Apple iOS

A WWDC scorecard

Like all good nerds, I was glued to Monday’s keynote at WWDC.

Now. If that sentence makes no sense to you, I advise you to skip to the next blog post. Because what follows will make even less sense…

I’ve divided my immediate reactions into the following three themes:

1. Reasons to be cheerful

  • iOS7 looks beautiful: Yes, there’s been lots of criticism levelled at how it looks, but personally I love it. It is just what I was looking for. Clean, bright, easy to read. The Calendar app in particular is gorgeous. Well done Jony Ive and your team of magical design elves. You’ve impressed this geek enormously.
  • iOS7 has lots of lovely functionality: Lots of this should have been there from day one -nonetheless, I’m delighted to see the introduction of Control Centre and the improvements to multi-tasking. Some would say the *introduction* of multi-tasking, but I won’t as I’m afraid Jony knows where I live.
  • OSX addresses lots of interface gripes: I’m just glad to see the back of faux leather and green felt. OSX (and iOS 7) has shed the curse of heavy-handed visual metaphors like leather calendars. I want my apps to look like apps, not nasty objects I wouldn’t have in my own home.
  • iCloud is getting a security boost: through the introduction of a password-keychain functionality. It closely resembles an existing application on sale, but you know, that’s how Apple rolls. I’ve got more passwords than you can shake a stick at, so this looks like an excellent solution.
  • Maps on the desktop: a real no-brainer, but the functionality to send maps from desktop to iDevice is brilliant. It’s the only reason I look up locations on my Macbook Air – to then walk there. Sending it to my iPhone is handy. I have *no* sense of direction. And London has just too many streets…

2. It’s not all good news

  • Oh the wait…No definite launch date for either iOS 7 or OSX except “the Fall”, something that doesn’t even exist here. Autumn, Apple.. it’s called Autumn. Now that I’ve seen these upgrades, iOS 6 makes my eyes bleed. Not really, but I just want the new shiny shiny NOW.
  • iBooks is tempting but…all my ebooks live in Amazon. But I don’t use a Kindle anymore. And iBooks looks like organising my many books would be easy on the desktop. Much easier than “collections” on the Kindle. Hmmm… I am *not* re-buying all my books in epub format, Apple. Make this easier for me.
  • iTunes still looks like a massive lump of a thing…too many apps squeezed into one. I was hoping that they would pull out movies, books, podcasts just like on iOS. Syncing with iDevices could also be separated, making iTunes lighter and less likely to crash so often.
  • iRadio is US-only…for now. This sounds like a great concept, but I’d need to see it in the flesh to buy in.

3. I have questions!

  • Will iBooks sync non-DRM files across all iDevices? That might make me buy in and start using it instead of Kindle. Maybe.
  • Will iTunes split any further before launch? Come one, there’s time. You could launch it with new iPods at a standalone event. People all over the known universe would thank you.
  • Will anyone anywhere actually use iWork? I don’t know a single human who relies on it instead of office to get serious work done. Believe me, I’ve tried. It’s just too different and doesn’t play nice with Office files. Again, I’m open to being convinced, but I’m not chomping at the bit to get my hands on this.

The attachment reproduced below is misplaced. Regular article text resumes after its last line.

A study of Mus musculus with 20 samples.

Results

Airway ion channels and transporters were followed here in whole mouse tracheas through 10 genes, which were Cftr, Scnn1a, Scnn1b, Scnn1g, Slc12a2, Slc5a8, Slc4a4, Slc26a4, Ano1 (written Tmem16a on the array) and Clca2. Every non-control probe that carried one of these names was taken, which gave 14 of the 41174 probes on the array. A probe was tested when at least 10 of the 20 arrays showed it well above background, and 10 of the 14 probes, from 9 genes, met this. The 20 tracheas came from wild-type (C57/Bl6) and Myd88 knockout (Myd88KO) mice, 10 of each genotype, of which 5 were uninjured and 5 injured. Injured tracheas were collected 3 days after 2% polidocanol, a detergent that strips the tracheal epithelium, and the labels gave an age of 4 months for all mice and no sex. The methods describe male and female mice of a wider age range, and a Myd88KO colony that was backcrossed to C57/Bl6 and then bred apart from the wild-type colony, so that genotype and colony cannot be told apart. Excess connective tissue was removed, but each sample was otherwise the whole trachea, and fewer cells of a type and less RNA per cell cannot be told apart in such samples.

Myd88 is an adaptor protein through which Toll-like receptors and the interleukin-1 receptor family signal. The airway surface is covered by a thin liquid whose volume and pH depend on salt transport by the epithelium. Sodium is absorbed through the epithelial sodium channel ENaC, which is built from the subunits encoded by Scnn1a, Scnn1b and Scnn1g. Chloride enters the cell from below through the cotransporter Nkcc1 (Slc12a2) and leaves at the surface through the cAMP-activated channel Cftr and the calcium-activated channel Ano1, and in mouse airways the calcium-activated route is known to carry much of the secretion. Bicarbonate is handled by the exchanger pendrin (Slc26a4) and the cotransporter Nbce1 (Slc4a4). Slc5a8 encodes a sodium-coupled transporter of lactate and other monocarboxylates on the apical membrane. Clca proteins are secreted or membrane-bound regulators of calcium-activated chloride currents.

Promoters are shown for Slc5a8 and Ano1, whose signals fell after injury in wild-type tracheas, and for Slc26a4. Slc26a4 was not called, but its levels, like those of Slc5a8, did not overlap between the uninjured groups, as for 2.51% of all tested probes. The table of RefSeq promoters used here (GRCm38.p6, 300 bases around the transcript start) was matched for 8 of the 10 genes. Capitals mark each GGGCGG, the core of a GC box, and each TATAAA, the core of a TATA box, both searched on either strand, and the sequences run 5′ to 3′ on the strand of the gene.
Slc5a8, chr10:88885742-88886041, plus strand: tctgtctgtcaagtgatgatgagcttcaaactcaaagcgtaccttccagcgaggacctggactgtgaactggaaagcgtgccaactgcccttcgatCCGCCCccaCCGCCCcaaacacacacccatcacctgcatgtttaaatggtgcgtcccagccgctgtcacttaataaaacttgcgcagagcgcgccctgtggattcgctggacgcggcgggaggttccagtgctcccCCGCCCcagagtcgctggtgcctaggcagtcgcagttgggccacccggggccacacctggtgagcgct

• How much will OSX cost? If it’s less than £50 I’m in. If it’s more than £50 I’m still in (come on!) but reserve the right to complain.
  • Will the iOS launch coincide with new iOS devices? It’d better. I want a retina iPad mini with 4G. And an iPhone 6. Obviously.

Obviously, I have more questions…but it’s been a long day and I haven’t been fed yet. So, watch this space.

In summary: nice upgrades but I’d like them tomorrow.

10 comments on “A WWDC scorecard

  1. I’d strongly expect OSX to be in the region of £20 again. If I was going to stick my neck out I’d guess at £20.99


    • I’ll see your bet and go for £19.99.

      What exciting lives we lead…

      After the existential angst iTunes has caused me over the last few months, I’d hope an upgrade would be free.

      But this is Apple we’re talking about…


  2. How would separate apps work for syncing though? Would I open a Video app to sync movies, a Music app to sync music, a Podcasts app, a Photo app etc. etc.?

    Being able to sync photos direct from Aperture would be great but is still nice to be able to set the device contents from one place.


    • I was thinking more of a single app that lets you move things between a computer and an iDevice. I think they’re moving in the right direction with Airdrop, but I’d like to be able to just ‘click’ a file to my iPad (e.g. podcast) without opening iTunes. It’s just become so bloated…

      Please note the lack of specificity or technical knowhow in the above.

      Damn it Jim, I’m a psychologist, not an Apple programmer…


  3. Ah, ok – yeah, that would be good. I’ve been using an app called Simple Transfer for my photos to iPad. Not only does it avoid iTunes, it also lets you transfer full size images. iTunes always compresses them down.


    • Now *that’s* the kind of thing I’m talking about.

      Let’s see what arrives on our machines in “the Fall”. Whatever it is, I hope it makes moving information between devices much easier.


  4. Indeed. Also, I agree with your comments on iOS7 – looks stunning.


  5. alevelstudentblogger

    Do think iPod touch 4g will get ios7?